Sheela Gowda is presenting a new sculptural installation commissioned by Pérez Art Museum Miami for a tall Project Gallery on the second floor of the museum. The walls and floor of this space are made of concrete, creating a solid, tower-like room. Within the strong geometry of this gallery, Gowda has positioned a series of linear and tactile elements that challenge the cool minimalism of its architecture.
The acute strength of Sheela Gowda’s works lies in the rigorous approach she takes toward both the formal and linguistic potential of the materials she engages. Her practice is one of conjecture, questioning and testing the physical qualities of these elements while concurrently revealing and creating agency for the latent cultural and philosophical references that they provoke. Her works draw from international modernist explorations of abstraction, playing these tendencies against other modernities and forms found in the everyday context of Bangalore, India, where Gowda lives.
And that is no lie consists of yards of rough cotton fabric that have been stitched together to create a gigantic rectangular canopy, measuring 30 by 35 feet. Black rope has been threaded through a fold along the edge of the fabric, from which the four corners have been attached, at different heights, to the walls of the room. The center section of the canopy has been cut from this large rectangle and lies fallen on the gallery floor. Hanging across the walls of the room is the structure’s remaining frame of fabric and rope. The edge of this fabric has been cut using a jagged pattern, creating a series of hanging triangles that recall small decorative flags, paradoxically conflating an act of separation with one of celebration. Several metal elements crisscross the space. A scaffoldlike structure made of dark iron poles that are bound together creates a partially built, rectilinear form. An empty metal flagpole, 30 feet in height, leans against one wall of the gallery, extending diagonally across the floor.
The canopy in this piece alludes to a traditional Indian tent or awning known as a shamiana, or pandal. Dating back to the Mughal era, these light, temporary enclosures are still commonly used for ceremonial purposes—for weddings, funerals, or other social gatherings. The particular rope that the artist has used in this installation is one that she has employed in several previous projects. Woven together from human hair, this material is found in markets in South India and used as a good luck charm. It is often coiled around car bumpers to protect drivers from accidents, or hung around an animal for protection.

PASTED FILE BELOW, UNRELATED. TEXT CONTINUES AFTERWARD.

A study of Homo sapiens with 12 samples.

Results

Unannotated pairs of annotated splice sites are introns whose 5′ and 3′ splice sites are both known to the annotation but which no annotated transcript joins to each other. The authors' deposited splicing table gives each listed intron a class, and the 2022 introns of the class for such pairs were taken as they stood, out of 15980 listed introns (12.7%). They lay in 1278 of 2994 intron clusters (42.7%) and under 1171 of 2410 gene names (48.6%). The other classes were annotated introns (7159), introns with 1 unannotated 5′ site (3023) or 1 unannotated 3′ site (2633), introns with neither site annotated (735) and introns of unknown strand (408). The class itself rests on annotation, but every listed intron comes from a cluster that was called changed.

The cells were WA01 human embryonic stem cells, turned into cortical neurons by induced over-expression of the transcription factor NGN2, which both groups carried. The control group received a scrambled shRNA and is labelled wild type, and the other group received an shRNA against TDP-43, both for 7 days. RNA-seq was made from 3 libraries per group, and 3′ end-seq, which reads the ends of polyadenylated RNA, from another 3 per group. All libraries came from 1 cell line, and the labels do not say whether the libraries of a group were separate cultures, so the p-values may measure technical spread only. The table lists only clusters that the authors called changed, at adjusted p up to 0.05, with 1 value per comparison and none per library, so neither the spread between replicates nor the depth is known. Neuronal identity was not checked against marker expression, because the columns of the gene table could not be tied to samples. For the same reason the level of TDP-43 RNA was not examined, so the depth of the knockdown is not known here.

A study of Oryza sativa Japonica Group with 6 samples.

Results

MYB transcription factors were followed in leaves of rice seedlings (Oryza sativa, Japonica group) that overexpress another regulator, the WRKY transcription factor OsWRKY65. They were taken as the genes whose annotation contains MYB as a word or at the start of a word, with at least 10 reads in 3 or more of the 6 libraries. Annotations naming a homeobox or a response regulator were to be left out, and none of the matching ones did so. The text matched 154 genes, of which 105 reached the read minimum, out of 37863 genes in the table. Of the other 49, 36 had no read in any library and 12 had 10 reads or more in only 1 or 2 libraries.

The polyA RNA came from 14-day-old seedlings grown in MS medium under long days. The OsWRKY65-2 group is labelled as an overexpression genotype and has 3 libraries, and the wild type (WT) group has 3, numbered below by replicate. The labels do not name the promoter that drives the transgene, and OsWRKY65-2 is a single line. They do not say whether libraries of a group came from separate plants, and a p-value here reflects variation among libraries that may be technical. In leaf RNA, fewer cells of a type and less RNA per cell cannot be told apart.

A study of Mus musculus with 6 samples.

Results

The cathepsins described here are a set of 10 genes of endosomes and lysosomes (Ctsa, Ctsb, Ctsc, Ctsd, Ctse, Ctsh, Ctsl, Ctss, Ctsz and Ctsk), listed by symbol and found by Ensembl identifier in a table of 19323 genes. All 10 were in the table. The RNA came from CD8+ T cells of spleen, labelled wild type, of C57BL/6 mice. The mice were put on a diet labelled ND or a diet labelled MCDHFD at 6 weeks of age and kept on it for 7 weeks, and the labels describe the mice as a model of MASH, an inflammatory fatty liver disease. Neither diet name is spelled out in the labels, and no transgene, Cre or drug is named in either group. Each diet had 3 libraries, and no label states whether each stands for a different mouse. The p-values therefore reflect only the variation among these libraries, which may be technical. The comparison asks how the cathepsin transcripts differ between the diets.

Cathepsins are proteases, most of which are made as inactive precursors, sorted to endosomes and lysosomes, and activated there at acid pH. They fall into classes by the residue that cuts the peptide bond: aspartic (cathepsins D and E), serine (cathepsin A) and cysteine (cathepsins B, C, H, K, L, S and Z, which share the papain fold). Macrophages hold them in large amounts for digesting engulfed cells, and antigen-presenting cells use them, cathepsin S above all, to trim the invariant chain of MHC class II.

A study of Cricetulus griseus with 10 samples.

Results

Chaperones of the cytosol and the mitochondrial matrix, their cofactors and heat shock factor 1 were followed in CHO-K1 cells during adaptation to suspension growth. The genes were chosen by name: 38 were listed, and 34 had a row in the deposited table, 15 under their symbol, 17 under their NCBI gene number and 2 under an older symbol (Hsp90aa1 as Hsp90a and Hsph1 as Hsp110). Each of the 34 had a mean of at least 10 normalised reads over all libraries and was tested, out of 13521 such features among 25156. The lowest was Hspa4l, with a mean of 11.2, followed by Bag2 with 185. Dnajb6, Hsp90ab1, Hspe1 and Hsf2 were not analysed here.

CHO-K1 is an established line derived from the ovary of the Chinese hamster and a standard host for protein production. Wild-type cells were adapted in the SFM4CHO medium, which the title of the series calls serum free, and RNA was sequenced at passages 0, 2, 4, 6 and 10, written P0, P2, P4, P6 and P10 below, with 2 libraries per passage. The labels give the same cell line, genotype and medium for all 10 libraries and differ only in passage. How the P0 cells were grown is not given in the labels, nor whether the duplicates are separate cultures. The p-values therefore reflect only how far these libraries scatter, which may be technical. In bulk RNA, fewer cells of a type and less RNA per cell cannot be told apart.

Each of the materials in this installation carry references to human collectivity: the shamiana as a site for social interaction through celebration or mourning; the hair rope through its commingling of the physical fragments of hundreds of individuals. The intense red fabric used in the piece creates a charged atmosphere for the viewer. Gowda uses the color here in reference to its traditional use with the shamiana, while additionally evoking contemporary political symbols. Red as the international color of communism, revolution, the workers’ movement (since the Revolutions of 1848), and leftist thinking in general, emerges a referent in this piece.
While communism and socialism, as uniquely transnational movements, powerfully shaped critical thinking and cross-cultural dialogue for decades, these ideologies are increasingly seen as nostalgic positions—something of the past, in their final stages of being taken apart. Gowda hints at these past and present political concerns and at a more general lost sense of collectivity through the ruptures and dismantling that her installation presents. Examining further the formal and symbolic vocabulary Gowda establishes within this installation, however, a rich ambiguity is revealed: the broken shelter she presents, rather than representing a structure in the process of being dismantled, could perhaps be seen instead as depicting one in the process of being built, pulled upwards into place. The flagpole included remains enigmatically bare, missing its sign of nationalism, collectivity, or political assertion. Its lack here perhaps hints, in an open-ended manner, at diffused identities, articulated in a globalized, post-national world.